Resource Allocation and Efficiency in Different Market Structures


    Resource Allocation and Efficiency in Different Market Structures

    • There is some question as to the relationship between the level of competition and the efficient allocation of resources
    • Usually, a monopoly has been seen as inefficient
      • This is because output is below, and price is above the allocatively efficient levels (MC=AR)
      • The firm is also not productively efficient, as AC is not minimised.
      • A monopolist may also not provide a product of the quality that a consumer desires
      • Also, dynamic efficiency may not be reached, as lack of competition would mean that the firm doesn’t need to spend much on research and development, and innovate.
    • Where economies of scale are significant, prices may be lower in oligopolies and monopolies
      • Firms may also likely to innovate, as due to the earning of supernormal profit in the long-run, they will have the funds to invest in development.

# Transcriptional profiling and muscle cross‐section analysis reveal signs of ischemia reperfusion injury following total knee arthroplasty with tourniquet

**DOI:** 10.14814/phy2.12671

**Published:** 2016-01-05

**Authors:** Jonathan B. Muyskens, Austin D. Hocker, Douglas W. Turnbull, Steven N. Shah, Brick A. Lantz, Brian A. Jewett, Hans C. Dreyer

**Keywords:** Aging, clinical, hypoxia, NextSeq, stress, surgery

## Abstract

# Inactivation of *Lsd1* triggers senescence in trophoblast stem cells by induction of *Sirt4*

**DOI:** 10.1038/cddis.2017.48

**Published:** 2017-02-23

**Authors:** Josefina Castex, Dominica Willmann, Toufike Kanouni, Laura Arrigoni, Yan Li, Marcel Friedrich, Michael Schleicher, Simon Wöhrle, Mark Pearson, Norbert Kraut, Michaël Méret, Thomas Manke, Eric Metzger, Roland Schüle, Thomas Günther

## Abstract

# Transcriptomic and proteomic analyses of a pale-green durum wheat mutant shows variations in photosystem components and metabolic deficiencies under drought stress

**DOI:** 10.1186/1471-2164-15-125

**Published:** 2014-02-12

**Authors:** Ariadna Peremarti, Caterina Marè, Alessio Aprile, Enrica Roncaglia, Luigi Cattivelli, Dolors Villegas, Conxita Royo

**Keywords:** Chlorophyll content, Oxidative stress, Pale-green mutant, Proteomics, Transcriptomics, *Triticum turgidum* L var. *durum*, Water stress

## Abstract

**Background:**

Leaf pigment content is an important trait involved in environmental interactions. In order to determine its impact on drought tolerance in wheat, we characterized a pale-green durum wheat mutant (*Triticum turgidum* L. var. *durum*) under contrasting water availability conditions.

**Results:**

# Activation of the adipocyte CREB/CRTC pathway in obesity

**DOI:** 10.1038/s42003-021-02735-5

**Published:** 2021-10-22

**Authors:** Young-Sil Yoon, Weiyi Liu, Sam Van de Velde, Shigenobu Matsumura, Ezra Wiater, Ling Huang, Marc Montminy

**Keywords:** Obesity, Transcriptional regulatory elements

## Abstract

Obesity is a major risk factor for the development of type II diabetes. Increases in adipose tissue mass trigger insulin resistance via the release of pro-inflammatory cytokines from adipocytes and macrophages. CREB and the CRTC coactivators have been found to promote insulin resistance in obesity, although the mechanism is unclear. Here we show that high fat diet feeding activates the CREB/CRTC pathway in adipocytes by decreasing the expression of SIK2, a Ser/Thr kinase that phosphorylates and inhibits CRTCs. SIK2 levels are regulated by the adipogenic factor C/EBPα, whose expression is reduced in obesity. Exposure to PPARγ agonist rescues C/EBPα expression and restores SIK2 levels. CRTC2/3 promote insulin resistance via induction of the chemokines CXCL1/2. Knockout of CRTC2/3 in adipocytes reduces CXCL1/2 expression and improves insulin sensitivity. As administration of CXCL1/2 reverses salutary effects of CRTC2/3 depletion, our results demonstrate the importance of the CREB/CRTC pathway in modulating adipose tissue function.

• This strategy could also help ‘raise’ barriers to entry and exit, this protecting the supernormal profit they’re earning.
      • The existence of high barrier to entry, alongside the theory of creative destruction, suggests that firms outside the market will develop superior products and methods, and hence, overcoming the barriers.
    • A lack of competition could be outweighed by X-inefficiency
      • This is the difference between actual costs and attainable costs
      • It is represented by the ‘optimum’ AC curve being lower than the actual AC curve.
      • This could be due to the firm over-employing, or managers taking large bonuses


    • A firm producing under monopolistic competition also fails to achieve allocative efficiency.
      • Output is restricted in order to maximise profit, and so the product is under-produced
      • It is also productively inefficient, and is operating with excess capacity.
    • Monopolistic competition is criticised on the grounds that there are too many firms producing at too low of an output at relatively high prices, and hence wasting resources.
      • A greater output could be produced at a lower cost by fewer firms.
    • However, it is argued that consumers gain, as there is greater choice and product differentiation
    • Also, in a bid to differentiate their products and gain a competitive edge, firms may innovate, which could mean a reduction in costs, or an increase in the quality of their products.